Life: Philosophers ponder it and poets wax about it – while the worldly wise debate it, mystics’ dream of it and theologians seek to unravel it. Words spoken and words sung and words written of it could fill the seas if flung out upon them. But squeezing it and wrapping it small enough to fit in our hands and minds is another thing altogether. What is life in experience? What is life in meaning? Can we know these things? Can we understand them?
The Bible describes King Solomon as the wisest man to ever live. He is the one who has given us a dinner plate size summation of life fit for our consumption. He speaks first of life’s experience at ground level in a fallen world:
To everything there is a season,
A time for every purpose under heaven:
A time to be born, and a time to die;
A time to plant, and a time to pluck what is planted;
A time to kill, and a time to heal;
A time to break down, and a time to build up;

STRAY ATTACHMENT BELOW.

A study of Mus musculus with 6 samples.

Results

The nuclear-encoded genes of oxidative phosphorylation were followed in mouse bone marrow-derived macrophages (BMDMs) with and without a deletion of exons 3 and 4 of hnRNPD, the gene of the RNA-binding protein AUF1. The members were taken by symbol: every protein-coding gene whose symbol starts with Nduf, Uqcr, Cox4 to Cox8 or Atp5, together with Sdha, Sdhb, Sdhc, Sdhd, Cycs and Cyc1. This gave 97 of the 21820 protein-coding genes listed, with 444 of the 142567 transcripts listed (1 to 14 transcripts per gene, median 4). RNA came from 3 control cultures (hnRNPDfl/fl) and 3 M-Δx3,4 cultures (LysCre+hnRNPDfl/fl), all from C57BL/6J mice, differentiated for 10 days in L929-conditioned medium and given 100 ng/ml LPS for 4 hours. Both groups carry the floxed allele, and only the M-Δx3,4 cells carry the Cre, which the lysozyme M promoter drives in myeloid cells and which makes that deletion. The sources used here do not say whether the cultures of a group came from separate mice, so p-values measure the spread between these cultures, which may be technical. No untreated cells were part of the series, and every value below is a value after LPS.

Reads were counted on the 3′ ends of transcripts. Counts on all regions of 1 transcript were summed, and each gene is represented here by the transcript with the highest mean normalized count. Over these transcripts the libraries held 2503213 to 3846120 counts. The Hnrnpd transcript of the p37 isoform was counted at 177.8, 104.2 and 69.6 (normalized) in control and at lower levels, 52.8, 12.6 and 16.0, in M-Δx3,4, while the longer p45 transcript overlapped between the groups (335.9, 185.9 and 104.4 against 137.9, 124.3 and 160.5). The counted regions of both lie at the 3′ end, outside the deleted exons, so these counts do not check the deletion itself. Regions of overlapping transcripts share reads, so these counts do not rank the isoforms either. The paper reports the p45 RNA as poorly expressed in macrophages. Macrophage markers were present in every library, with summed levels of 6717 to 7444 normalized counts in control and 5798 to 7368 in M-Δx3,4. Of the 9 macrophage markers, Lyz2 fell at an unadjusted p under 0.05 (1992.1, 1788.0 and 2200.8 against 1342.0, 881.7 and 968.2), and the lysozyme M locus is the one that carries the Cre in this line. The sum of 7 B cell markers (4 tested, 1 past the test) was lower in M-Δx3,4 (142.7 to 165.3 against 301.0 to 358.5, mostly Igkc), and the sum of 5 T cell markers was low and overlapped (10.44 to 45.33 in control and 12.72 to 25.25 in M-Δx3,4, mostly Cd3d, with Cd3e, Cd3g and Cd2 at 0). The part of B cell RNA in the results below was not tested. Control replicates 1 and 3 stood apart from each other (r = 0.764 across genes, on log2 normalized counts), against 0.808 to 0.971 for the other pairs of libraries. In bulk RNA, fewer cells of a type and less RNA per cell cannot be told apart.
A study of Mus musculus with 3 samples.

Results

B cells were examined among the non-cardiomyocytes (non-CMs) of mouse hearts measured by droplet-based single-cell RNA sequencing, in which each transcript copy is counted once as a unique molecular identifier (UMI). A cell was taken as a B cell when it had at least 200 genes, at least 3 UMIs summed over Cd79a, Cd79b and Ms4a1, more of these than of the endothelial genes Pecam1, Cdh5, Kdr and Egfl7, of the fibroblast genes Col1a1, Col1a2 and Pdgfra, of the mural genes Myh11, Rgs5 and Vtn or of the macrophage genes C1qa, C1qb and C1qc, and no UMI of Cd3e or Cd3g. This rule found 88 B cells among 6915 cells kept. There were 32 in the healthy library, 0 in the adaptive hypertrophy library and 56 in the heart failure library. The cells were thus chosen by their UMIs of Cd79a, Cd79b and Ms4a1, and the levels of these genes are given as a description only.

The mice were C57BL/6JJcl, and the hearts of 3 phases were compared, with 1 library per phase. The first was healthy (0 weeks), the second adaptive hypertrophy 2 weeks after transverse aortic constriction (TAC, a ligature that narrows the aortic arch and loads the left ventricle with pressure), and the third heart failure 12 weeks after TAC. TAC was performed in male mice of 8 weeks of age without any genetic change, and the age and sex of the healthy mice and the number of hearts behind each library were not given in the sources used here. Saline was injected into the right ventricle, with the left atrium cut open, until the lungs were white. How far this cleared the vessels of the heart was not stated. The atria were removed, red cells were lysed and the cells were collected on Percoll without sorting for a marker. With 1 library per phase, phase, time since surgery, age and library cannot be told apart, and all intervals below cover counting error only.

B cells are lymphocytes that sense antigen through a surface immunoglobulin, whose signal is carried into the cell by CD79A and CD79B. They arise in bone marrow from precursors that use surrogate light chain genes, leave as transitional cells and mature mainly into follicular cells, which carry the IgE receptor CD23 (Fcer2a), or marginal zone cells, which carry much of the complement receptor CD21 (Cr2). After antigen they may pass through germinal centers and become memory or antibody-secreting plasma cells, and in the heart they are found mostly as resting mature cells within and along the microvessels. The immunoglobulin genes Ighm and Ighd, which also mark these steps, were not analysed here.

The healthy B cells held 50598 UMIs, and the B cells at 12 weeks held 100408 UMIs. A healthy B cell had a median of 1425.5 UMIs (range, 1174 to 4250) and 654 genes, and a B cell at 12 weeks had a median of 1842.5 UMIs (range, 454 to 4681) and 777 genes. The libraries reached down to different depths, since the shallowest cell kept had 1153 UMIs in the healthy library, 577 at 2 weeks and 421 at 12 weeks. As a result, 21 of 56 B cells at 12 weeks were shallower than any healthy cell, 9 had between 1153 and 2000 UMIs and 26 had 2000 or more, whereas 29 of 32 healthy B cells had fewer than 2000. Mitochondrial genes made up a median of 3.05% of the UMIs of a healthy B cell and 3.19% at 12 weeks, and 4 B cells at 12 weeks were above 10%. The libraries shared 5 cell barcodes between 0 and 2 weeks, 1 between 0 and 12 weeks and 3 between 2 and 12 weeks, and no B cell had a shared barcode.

A time to weep, and a time to laugh;
A time to mourn, and a time to dance;
A time to cast away stones, and a time to gather stones;
A time to embrace, and a time to refrain from embracing;
A time to gain, and a time to lose;
A time to keep, and a time to throw away;
A time to tear, and a time to sew;
A time to keep silence, and a time to speak;
A time to love, and a time to hate;
A time of war, and a time of peace.
Those are beautiful words. Haunting. Melancholy. Profound. Simple. True. They transcend time and culture and the diverse paths taken by men and women of the ages. And most people would agree with the king. But what does he tell us about the meaning of life? We’ll look at that next time.